Cheryl–Warra Allen, a 52 year old Aboriginal woman, was brought into the emergency department (ED) by ambulance with acute shortness of breath
Based on one of the case studies provided below and drawing on evidence-based literature, analyse the client’s details to identify and prioritise key health problems, related nursing goals and interventions aimed at achieving safe and quality care for that client, including discharge planning.
Cheryl–Warra Allen, a 52 year old Aboriginal woman, was brought into the emergency department (ED) by ambulance with acute shortness of breath. Cheryl has had previous ED admissions since relocating to Adelaide, from the remote Aboriginal community Poonindie, 3 years ago. Her previous medical history includes Type 2 Diabetes Mellitus (T2DM), Hypertension, and end-stage kidney disease (ESKD) for which she has hemodialysis treatment 3 times per week. Cheryl says that she has missed dialysis this week due to unforeseen family reasons and her blister pack of medications show that Cheryl had not taken her medications for 3 days. Her weight, on admission to ED, was 9kg above her ideal body weight.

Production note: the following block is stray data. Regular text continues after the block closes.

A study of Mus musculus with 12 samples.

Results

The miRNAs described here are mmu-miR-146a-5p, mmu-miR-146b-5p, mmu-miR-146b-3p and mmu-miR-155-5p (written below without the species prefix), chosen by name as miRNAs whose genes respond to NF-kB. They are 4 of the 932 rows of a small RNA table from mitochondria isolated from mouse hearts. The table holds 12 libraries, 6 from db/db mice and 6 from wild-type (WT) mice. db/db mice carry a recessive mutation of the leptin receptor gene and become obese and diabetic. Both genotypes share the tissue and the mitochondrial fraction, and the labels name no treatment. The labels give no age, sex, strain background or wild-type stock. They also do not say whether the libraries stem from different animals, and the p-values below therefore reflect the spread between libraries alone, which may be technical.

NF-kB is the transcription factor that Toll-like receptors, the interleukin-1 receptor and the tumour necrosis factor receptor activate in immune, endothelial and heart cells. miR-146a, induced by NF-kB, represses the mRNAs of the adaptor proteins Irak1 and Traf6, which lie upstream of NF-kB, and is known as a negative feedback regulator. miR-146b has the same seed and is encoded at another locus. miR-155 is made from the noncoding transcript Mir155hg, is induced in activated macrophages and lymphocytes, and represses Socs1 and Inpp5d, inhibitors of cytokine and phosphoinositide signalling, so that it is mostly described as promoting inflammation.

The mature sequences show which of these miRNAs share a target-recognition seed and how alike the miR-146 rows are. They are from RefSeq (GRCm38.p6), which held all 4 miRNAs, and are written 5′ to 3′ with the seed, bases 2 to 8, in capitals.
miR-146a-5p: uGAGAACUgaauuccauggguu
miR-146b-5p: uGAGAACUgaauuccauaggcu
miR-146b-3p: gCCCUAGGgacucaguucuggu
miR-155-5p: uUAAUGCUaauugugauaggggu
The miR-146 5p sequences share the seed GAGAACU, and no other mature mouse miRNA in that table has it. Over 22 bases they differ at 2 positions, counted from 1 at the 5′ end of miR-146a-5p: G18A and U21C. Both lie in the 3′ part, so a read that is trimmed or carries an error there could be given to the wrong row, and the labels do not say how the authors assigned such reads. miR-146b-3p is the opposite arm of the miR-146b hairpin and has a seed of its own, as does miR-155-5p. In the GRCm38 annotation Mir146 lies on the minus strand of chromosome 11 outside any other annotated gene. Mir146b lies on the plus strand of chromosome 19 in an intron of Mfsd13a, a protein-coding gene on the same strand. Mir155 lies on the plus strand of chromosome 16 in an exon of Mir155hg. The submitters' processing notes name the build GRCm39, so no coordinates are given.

The on-call nephrologist orders emergency hemodialysis for Cheryl whilst the ED nurses provide respiratory support with oxygen via a non-rebreather mask, at 15L per minute. Cheryl is transferred to the Renal Ward immediately post the emergency hemodialysis treatment.
On arrival to the ward, Cheryl needs assistance to transfer from the wheelchair to the bed, where she immediately asks you lift the back of the bed up so that she can sit upright in bed. You notice that she has peri-orbital odema and the oxygen mask has left indentations on her cheeks. She also appears to be working hard to breathe and is speaking in short sentences only. Despite this, Cheryl says that she would like a cup of tea.